Aug 19, 2013 - By Alejandra Silva, Staff WriterSuperintendents from Fremont County school districts updated the Wyoming Legislature's Joint Education Committee and the Select Committee on Tribal Relations on their schools' performances during a meeting at Central Wyoming College.
Retired Fremont County School District 14 (Wyoming Indian) superintendent Michelle Hoffman described the successes her district has had, saying that Wyoming Indian Elementary School made the most academic gains in the state roughly 10 years ago.
"We are seeing progress," Hoffman said. "You just don't go from below basic to proficient overnight."
Hoffman said dedicated teachers help students who, many times, may need many extra years to graduate. She said students often choose to delay graduation, adding that she hasn't seen the 18-year-old age requirement work for her students, referring to a resolution passed by the tribes that requires students to receive an education until the age of 18 instead of 16.
State Sen. Jim Anderson (R-Glenrock) of the JEC told Hoffman to look for ways to make students want to go to school. Hoffman said the teachers have made home visits to build connections with parents in addition to encouraging youths to stay in school.
"Education can be intimidating to parents," she told the committees. "You have to hold someone accountable, and it's not just the schools."
She said poverty, lack of transportation and cuts in the Impact Aid Program have made education far more difficult. According to the U.S. Department of Education, the mission of the federal Impact Aid Program is to disburse payments to "educational agencies that are financially burdened by federal activities and to provide technical assistance and support services to staff and other interested parties."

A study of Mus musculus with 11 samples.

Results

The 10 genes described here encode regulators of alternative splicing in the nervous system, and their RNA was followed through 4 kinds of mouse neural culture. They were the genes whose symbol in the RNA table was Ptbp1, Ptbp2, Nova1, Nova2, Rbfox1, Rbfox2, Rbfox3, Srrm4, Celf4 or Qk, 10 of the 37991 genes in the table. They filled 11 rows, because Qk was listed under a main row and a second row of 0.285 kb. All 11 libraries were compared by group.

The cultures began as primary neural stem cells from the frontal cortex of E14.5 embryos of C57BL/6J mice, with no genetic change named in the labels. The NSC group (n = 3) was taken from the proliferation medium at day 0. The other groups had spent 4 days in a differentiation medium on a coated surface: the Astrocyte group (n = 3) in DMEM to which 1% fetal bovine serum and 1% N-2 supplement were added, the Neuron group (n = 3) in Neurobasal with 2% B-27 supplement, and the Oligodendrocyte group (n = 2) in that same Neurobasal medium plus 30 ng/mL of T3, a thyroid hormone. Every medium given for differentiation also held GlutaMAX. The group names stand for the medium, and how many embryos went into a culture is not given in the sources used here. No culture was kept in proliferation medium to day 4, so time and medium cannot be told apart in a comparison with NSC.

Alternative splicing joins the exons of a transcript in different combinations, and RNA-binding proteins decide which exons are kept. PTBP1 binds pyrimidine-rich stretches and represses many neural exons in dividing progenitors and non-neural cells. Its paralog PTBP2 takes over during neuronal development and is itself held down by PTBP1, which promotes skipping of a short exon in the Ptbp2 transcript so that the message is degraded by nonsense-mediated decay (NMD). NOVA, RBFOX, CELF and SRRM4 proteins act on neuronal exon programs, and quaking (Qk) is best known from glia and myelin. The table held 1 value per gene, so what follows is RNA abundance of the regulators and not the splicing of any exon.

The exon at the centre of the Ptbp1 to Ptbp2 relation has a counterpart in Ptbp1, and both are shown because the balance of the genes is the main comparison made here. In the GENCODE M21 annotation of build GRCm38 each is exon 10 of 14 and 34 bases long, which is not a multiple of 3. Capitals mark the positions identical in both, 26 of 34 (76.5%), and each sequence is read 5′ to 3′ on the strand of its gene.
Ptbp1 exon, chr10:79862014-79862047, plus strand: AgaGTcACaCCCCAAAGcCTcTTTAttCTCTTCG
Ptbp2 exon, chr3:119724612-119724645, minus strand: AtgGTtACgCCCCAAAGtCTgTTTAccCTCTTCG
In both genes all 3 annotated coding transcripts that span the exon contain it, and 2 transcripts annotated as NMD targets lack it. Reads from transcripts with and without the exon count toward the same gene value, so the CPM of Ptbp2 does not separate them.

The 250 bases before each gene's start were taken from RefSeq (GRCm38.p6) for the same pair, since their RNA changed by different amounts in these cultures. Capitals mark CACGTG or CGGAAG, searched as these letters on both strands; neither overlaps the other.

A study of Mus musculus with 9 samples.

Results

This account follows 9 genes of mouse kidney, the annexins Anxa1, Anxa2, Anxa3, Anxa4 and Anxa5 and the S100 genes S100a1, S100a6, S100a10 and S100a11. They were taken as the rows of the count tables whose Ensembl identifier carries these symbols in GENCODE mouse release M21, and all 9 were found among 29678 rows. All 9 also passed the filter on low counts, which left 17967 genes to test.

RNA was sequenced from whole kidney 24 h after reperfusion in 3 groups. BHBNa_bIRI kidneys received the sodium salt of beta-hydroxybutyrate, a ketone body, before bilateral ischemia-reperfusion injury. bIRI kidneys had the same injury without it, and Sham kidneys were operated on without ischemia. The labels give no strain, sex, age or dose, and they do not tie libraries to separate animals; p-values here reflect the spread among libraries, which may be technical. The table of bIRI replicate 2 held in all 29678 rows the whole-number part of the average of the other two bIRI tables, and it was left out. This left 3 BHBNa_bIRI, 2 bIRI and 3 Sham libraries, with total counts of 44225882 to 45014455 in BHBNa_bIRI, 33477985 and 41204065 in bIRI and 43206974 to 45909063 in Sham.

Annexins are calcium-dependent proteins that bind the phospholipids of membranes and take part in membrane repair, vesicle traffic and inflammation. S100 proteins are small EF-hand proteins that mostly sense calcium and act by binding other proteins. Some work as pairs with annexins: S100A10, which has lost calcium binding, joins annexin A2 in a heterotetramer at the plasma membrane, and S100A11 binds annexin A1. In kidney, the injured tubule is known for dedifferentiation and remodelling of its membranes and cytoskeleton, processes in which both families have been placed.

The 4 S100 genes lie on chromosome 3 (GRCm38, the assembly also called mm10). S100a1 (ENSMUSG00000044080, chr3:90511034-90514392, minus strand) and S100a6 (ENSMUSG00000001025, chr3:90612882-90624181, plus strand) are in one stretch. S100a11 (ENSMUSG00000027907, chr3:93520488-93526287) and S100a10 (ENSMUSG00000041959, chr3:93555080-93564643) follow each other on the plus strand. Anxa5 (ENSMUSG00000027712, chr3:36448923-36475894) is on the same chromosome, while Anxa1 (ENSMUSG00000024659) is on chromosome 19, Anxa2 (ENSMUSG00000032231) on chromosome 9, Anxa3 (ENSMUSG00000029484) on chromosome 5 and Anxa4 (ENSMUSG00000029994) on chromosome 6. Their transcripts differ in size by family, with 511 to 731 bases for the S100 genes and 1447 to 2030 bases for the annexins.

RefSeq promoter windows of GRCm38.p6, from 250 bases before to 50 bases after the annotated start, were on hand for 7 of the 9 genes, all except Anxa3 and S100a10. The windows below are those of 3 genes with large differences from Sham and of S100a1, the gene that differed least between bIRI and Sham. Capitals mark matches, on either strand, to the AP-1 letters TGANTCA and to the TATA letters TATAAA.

New District 14 Superintendent Terry Smith said it is important to teach students what is "in it for them" if they go to school and learn.
Karen King, a School District 21 board member, said her group is advocating for the review of current policies. She said instructors in Fort Washakie have been encouraged to learn more about their students, not just teach them.
"Native children know a whole lot that's never been tested," King said.
As for the turnover rates in school staff, King said they don't keep anyone who doesn't fit in the community.
She also suggested to the committees that they advocate for the preparation of teachers who will teach specifically on the Wind River Indian Reservation.
Also, the mindset that many students have, King said, is usually a negative one, mostly because of what they learn from textbooks. She recommended that committee members learn what is being taught from the textbooks.
"It's very difficult to learn from your oppressor," she said.
Superintendent Chantell Denson of the Arapahoe schools said her district has made some "great gains" in the last five years. She said officials in Arapahoe have learned that about 70 percent of their students are visual-spatial learners. She also said her school has created a safe environment for students, but the preschool program has been widely affected due to budget cuts in the Impact Aid money.
"We're the only district in the state that will play therapist," she told committee members. "We have some major relationship issues to build between our schools, our parents, our administration and our board."
St. Stephen's schools superintendent Mike Hejtmanek said his schools --which are funded by the U.S. Bureau of Indian Education --will be moving into a block schedule for the next school year. He also plans for an addition to be built that will help provide vocational and fine arts classes. He said the school has been more strict with students who want to join an athletic team but may not be succeeding academically.
"For them to be successful we have to show them how they (can) become successful," Hejtmanek said.
Anderson asked Hejtmanek if school officials have met and shared with each other what has worked for them. Hejtmanek said they have met and discussed issues that often are similar.